MONACO - AUGUST 30: Fernando Torres of Chelsea during a press conference at the Grimaldi Forum on August 30, 2012 in Monaco, Monaco. (Photo by Matthew Lewis/Getty Images)
Chelsea fans, I have found, come in two camps. We'll call these camps 'Torres believers' and 'Torres skeptics' so as to avoid any pejoratives. The former side, obviously, believes in Fernando Torres as that £50 million (plus £50 million in wages) striker that the Blues acquired from Liverpool in January of 2011. Members of the latter are, well, skeptical. It's not much of a secret that I'm far more of a skeptic than a believer. That's ok. Neither is wrong. It's just a matter of faith.
I wrote the previous paragraph to set the scene. I'm sure I'll pay for it in the comments section, but hey, it'll keep me on my moderating toes. What I was trying to say is that I have pretty good credentials as someone who doesn't really have much hope that Torres will ever go back to what he once was, and that therefore my opinion that buying another striker to push him out of the lineup would be a bad plan doesn't just come from an overriding love for Torres the player.
Sure, I'd love Radamel Falcao or Edinson Cavani leading the line. Falcao would probably be my first option -- there's no finer finisher in the game than the Colombian, as we'll probably see firsthand tomorrow -- but the more-versatile Cavani would be a great second option as well. But for the prices either would command compared to the benefit they'd bring to the team, neither is a particularly good bet.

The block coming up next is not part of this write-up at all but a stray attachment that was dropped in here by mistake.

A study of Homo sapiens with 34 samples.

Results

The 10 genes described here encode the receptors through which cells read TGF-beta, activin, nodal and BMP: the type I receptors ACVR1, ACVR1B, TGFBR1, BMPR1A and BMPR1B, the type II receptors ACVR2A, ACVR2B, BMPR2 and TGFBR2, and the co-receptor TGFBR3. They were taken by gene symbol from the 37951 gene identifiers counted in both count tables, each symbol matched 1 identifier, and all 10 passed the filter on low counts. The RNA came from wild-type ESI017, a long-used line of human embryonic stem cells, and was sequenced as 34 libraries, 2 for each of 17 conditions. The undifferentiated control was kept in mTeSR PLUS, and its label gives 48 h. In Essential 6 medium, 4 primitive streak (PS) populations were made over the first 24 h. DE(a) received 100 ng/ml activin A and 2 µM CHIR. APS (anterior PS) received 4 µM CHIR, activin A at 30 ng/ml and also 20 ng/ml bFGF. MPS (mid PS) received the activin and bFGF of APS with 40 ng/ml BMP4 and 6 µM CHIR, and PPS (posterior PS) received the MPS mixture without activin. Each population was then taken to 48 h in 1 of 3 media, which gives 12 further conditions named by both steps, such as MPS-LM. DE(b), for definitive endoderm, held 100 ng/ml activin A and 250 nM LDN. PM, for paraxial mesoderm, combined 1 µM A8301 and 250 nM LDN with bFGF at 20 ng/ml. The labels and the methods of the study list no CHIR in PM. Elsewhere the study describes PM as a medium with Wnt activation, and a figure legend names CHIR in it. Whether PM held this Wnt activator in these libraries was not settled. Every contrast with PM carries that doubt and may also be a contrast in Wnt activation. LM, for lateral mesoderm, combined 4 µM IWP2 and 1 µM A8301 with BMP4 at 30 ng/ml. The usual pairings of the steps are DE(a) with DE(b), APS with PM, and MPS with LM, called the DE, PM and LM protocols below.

Chelsea need a striker, of course. With Romelu Lukaku out on loan at West Bromwich Albion, we're depressingly low on depth at centre forward (fifteen months ago the club boasted Didier Drogba, Nicolas Anelka, Salomon Kalou, Daniel Sturridge, Torres and Lukaku as options up top), and it's very easy to see Roman Abramovich making a big money splash to turn this team from 'very good' into spectacular. But in reality, what the Blues need to do is to acquire a player who can act as depth rather than try to unseat Torres outright.
There's long been a school of thought, most vocally espoused by Carlo Ancelotti (I think), that part of the reason that so many centre forwards failed at Chelsea was because Didier Drogba 'ate them up'. Torres himself has indicated several times that he's far happier being the top dog at Stamford Bridge rather than battling for playing time, and no matter how likely you think it is that he goes back to being a world-beater, a you'd have to imagine that a happy Torres is significantly more likely to come good than a miserable one.
So, what if Chelsea did bring in a Falcao, just as their massive investment in Torres is starting to pay dividends? Well, there'd be a risk of Falcao not fitting in, or getting hurt, or all the other factors you think about when bringing in major talent. But there would also seem to be significant risk of a collapse in Torres' form alongside that. Spending a tonne of money on a big striker could easily make Torres far less valuable to the team. Sturridge would probably have a right old sulk about it too.
It's nice to imagine the club using the depth issues at centre forward as an excuse to bring in a truly elite player, but such a transfer would probably end up being even riskier than usual (and star strikers tend to be relatively bad buys anyway) thanks to the rather fragile Torres situation. If Chelsea want to improve their strike force, picking up a cheap Kalou-type option would seem to me to be a better play.